Cybercrooks can be notoriously cheap, considering how much they typically get for nothing. I’m reminded of this when I occasionally stumble upon underground forum members trying to sell a used ATM skimmer: Very often, the sales thread devolves into a flame war over whether the fully-assembled ATM skimmer is really worth more than the sum of its parts.
Such was the fate of an audio-based ATM skimmer put up for sale recently on a private crime forum. The seller, a Ukrainian, was trying to offload a relatively pro-grade skimmer powered by parts cannibalized from an MP3 player and a small spy camera. The seller set the price at $2,450, but made the mistake of describing the device’s various parts, all of which can be purchased inexpensively from a variety of online retailers.
For example, he told forum members that the main component in the card skimmer as an MSR-605, which is a handheld magnetic stripe reader of the sort that you might find attached to a cash register/point-of-sale machine at a retail clothing store, for example.
This ubiquitous device can be had for approximately $200 at a number of places online, including Newegg.com and Amazon.com. The seller went on to describe the inexpensive flash storage drive that was incorporated in his device, and the modified tiny video camera that was hidden on the underside of a fake fascia designed to be affixed to the top of the ATM and record victims entering their PINs.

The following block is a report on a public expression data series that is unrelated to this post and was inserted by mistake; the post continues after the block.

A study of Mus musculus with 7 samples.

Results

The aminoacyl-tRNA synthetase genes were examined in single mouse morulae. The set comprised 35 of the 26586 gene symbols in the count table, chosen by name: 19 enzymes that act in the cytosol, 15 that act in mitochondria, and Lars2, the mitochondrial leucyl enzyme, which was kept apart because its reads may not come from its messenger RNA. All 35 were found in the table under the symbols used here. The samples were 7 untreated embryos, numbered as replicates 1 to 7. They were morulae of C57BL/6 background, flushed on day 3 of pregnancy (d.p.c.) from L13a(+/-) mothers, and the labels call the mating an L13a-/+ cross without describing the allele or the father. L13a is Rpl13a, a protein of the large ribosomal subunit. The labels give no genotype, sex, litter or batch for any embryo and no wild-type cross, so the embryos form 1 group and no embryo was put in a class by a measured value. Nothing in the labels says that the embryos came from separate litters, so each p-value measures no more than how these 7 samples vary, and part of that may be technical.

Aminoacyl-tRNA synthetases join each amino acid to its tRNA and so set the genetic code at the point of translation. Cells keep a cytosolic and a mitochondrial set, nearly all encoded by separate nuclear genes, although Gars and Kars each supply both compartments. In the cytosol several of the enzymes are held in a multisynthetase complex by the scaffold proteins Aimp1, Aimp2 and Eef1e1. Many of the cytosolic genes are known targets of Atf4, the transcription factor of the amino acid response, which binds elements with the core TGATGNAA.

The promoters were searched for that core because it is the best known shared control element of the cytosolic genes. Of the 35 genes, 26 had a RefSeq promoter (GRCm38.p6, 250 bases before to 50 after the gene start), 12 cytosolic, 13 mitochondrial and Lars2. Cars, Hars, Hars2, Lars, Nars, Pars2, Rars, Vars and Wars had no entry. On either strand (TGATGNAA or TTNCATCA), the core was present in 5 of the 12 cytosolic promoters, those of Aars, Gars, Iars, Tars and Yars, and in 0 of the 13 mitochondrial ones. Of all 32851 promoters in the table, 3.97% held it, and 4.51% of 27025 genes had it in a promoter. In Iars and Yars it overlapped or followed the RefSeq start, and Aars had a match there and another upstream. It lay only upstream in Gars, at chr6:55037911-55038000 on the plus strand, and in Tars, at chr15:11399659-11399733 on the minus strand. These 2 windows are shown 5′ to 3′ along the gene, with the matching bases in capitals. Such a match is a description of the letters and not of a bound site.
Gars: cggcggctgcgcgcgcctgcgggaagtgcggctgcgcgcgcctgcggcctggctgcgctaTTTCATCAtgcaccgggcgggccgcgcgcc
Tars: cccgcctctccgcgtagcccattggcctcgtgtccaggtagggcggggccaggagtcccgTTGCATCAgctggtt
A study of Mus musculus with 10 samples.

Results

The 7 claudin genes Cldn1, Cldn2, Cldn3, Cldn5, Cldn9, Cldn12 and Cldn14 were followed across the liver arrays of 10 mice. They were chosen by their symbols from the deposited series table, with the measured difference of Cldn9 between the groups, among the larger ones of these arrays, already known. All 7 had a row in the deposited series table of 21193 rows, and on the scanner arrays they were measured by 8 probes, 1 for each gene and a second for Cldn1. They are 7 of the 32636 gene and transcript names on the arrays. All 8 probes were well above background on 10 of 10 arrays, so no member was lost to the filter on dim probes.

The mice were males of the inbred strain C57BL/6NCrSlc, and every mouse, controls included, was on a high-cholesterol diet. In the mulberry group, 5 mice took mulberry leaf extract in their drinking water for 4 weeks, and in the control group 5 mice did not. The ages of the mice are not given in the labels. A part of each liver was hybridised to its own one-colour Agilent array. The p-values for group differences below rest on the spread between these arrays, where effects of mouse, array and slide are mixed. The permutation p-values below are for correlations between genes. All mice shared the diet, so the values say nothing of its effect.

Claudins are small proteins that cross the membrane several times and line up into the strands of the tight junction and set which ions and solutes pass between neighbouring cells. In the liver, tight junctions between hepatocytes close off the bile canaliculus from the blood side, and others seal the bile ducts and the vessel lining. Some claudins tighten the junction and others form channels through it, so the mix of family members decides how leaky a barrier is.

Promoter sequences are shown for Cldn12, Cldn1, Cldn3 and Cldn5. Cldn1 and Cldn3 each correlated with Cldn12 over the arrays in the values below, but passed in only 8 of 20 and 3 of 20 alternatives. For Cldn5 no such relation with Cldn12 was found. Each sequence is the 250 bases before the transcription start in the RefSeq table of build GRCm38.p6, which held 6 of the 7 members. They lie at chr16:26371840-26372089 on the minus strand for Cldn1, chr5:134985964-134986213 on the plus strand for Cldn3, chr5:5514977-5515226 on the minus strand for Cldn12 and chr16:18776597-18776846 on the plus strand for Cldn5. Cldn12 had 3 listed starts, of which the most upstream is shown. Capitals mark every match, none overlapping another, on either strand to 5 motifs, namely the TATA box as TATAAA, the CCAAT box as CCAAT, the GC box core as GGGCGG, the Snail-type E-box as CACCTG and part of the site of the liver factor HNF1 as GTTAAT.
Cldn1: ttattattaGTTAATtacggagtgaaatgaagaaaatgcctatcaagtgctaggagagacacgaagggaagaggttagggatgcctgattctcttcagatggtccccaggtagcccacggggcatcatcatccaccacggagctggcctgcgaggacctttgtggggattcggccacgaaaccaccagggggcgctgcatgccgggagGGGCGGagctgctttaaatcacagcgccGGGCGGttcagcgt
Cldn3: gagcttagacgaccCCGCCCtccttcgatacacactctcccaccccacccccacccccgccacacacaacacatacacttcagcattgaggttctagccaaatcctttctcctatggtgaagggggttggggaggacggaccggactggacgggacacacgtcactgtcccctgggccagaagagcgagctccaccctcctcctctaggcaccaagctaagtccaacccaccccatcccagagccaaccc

This sales thread goes on for several pages, and the seller — beset on all sides by fraudsters charging that skimmer set is grossly overpriced — begins lowering the price. “Go ahead and use the cheap Chinese skimmers and see how they work!” the seller retorted to hecklers on the forum.
It’s unclear from the sales thread whether this skimmer seller ever managed to attract a buyer. However, two young men in Russia were arrested earlier this year for using a skimming set that was remarkably similar to this model.